Plant Besties – companion planting


If you have read my previous blogs you will know I have had an issue with caterpillars. Today I picked off a handful of the critters off our rocket plants which have been shredded to near death. They have also had a nibble on most of our herbs but seem to only really like rocket and sage oddly enough. Anyway this blog is about companionship, we all need a best friend right? Mine is my wonderful partner who has been by my side through thick and thin. Our plants don’t really have any best friends at the moment, but that is about to change.

Companion planting is not only a great system for pest control but it is also really helpful for plant growth and protection from diseases. Coriander, I was told isn’t very easy to grow successfully in New Zealand. When I first planted ours it didn’t do very well at all I ended up taking our three plants out of the pot it was in and putting them back in seed pots with seed mix which strengthened them a bit. I then decided to try them with another plant that liked similar conditions and that was our basil. Since putting this into the same pot two of the three plants have thrived the third unfortunately died before I could transfer it but two out of three isn’t bad. The basil also took off it’s growth tripled, I’m not sure what it is about the two but they seem to really like to be planted together. So if you are wanting fresh coriander I would suggest trying this trick.

I’m really wanting to create a little ecosystem in our garden instead of what we currently have which is I guess the traditional veggie garden where you are constantly having to battle with bugs, soil conditions weeds etc. Companion planting eradicates the need to constantly battle because the plants do all the work. They condition the soil for other plants growth and the protect each other from pests and diseases. They also can protect smaller, younger plants from harsh weather conditions until they are strong enough to survive on their own. Plants in nature never grew the way we try to grow them in our gardens in such an organised and structure fashion. With plots of individual crops all by themselves. It is common knowledge in New Zealand gardening the importance of crop rotation to keep the nutrient content of your soil up but this is because of the way we garden not what we garden. If we allowed plants to grow in a more natural way, a little more untamed we would probably have to spend less time fighting with our gardens and more time enjoying them. Of course having a companion garden can be organised so as you produce the food you wish and know where plants are growing but if we add in known companions with those plants it can reduce the amount of work we do.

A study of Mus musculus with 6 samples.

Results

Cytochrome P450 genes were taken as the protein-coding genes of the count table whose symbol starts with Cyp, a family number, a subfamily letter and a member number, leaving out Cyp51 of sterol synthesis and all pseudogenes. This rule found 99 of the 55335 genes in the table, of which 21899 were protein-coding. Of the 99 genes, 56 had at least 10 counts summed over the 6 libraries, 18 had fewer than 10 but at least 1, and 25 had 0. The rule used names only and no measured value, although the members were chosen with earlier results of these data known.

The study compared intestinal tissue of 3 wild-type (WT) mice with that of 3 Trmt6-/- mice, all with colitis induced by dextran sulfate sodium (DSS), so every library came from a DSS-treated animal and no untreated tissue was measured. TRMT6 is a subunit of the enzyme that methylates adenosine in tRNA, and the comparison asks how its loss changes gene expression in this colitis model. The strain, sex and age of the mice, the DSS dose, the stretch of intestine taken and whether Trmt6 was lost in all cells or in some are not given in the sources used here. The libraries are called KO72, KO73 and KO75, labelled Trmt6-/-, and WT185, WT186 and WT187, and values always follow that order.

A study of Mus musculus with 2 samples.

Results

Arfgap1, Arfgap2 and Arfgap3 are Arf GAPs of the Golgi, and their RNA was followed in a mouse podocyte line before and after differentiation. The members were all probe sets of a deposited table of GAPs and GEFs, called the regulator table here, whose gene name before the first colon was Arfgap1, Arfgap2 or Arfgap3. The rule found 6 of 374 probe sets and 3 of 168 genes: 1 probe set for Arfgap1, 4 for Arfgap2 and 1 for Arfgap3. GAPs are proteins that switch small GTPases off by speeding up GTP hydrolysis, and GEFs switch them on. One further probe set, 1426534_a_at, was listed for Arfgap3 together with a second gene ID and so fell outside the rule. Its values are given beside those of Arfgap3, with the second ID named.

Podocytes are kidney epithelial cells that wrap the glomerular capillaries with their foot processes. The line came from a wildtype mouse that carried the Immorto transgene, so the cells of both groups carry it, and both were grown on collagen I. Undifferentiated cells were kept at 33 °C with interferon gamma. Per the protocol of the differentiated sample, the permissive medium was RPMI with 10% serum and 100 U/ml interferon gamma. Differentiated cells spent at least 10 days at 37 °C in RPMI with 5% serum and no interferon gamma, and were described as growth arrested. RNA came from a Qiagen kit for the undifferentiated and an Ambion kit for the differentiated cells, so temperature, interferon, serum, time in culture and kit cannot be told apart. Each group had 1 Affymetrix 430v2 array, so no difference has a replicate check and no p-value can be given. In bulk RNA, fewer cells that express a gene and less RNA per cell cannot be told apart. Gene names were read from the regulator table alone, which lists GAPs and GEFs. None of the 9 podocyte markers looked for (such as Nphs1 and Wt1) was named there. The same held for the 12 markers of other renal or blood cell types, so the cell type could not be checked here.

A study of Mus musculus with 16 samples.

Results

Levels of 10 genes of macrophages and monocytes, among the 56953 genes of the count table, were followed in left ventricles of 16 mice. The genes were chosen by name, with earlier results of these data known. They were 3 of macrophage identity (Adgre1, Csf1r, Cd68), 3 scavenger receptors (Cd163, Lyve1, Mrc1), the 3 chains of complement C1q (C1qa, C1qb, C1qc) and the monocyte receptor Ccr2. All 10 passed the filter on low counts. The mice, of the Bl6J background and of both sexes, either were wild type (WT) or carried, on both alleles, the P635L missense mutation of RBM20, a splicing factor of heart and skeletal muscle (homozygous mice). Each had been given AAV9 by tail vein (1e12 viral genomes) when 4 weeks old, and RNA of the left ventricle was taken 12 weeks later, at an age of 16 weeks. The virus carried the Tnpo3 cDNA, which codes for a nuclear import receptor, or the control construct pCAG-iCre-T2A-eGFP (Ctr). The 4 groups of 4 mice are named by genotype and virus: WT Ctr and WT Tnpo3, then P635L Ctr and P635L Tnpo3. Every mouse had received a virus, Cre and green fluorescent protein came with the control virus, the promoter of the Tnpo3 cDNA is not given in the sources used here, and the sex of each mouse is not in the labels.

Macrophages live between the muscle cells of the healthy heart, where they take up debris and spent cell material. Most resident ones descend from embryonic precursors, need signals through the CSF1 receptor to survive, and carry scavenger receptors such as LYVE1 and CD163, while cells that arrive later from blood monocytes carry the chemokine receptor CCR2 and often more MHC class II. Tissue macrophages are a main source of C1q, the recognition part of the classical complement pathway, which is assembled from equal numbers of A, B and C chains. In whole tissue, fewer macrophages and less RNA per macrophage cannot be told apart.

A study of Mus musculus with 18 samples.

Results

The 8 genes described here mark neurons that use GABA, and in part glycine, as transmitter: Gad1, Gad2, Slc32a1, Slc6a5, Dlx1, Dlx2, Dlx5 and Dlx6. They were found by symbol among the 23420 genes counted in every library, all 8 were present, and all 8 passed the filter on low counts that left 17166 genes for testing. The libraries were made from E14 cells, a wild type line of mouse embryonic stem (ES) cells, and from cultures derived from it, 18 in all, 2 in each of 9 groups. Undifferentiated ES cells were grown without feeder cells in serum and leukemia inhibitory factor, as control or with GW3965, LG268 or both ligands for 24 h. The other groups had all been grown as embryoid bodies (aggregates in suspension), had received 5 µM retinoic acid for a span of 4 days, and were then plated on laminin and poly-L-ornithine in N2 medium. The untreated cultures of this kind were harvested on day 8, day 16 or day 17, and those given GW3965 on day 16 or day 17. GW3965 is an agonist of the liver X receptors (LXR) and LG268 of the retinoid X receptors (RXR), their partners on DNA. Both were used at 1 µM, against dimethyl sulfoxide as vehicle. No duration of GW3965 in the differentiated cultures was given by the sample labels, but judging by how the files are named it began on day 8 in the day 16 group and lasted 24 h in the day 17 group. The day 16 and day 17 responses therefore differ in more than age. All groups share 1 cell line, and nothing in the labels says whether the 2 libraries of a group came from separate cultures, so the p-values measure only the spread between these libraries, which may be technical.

Speaking of work, I had my first day back the other day. I was a change to be back in such a structured environment but it was a good change. It also gave me time whilst doing paper work to think about where I would like to go next with our garden. Companion planting is it. Realistically we are not financially able to just up and leave work and just work on our garden every day, though that would be nice. Which means our garden needs to be a little more independent from us. I guess in a way developing a functioning productive garden isn’t much different from raising a child. In the beginning they need a lot of attention, a lot of love, protection and guidance. But the ultimate goal is a garden that looks after itself mostly and you get to enjoy it.

I found this video which explains companion planting really well, it is Australian but it is probably the closest to home video I  have found on the subject and better yet the garden he is doing it in is only 80 meters squared. You can learn so much from Youtube, I managed to pull apart my laptop and install a new fan for $20 instead of paying a technician close to $200 and I have no knowledge on computers what so ever. Any way follow the link here if you would like to watch the video.

I also found a few other things out which I’ll list here:

Basil can be planted near most crops but you should keep it away from rue, it improves growth and flavor and repels mosquitoes.

Bush type Beans should be planted near beets, cabbage, carrots, catnip, cauliflower, corn, cucumbers, marigolds, potatoes and strawberries. Keep away from fennel, garlic, leeks, onions and shallots. Potatoes and Marigolds repel Mexican bean beetles (not sure we get them in New Zealand) and catnip repels flea beetles.

Broccoli and Brussel sprouts plant near beets, buckwheat, calendula, carrots, chamomile, dill, hyssop, sage, rosemary, thyme, and a few others, keep away from strawberries. Marigolds repel cabbage moth and Nasturtiums repel aphids.

Here are a few more resources on companion planting, I will definitely be rearranging where I have a few plants over the next few days and be investing in some marigolds with my next pay.

Mother earth news has a great list of companion plants and their uses.

Yates has some good information about companion planting and the benefits and different types of companion planting.

Wikipedia has a huge list of companion plants for everything you can imagine, it’s never consider the best reliable resource but this list seems pretty fantastic.

 

Happy gardening and welcome to Autumn, my favorite time of year. When it isn’t too hot and isn’t too cold. You get lovely sunny days but can still enjoy yummy hot comfort food and snuggling up at night. Not to mention my birthday is in Autumn and we get the beautiful golden leaves on trees.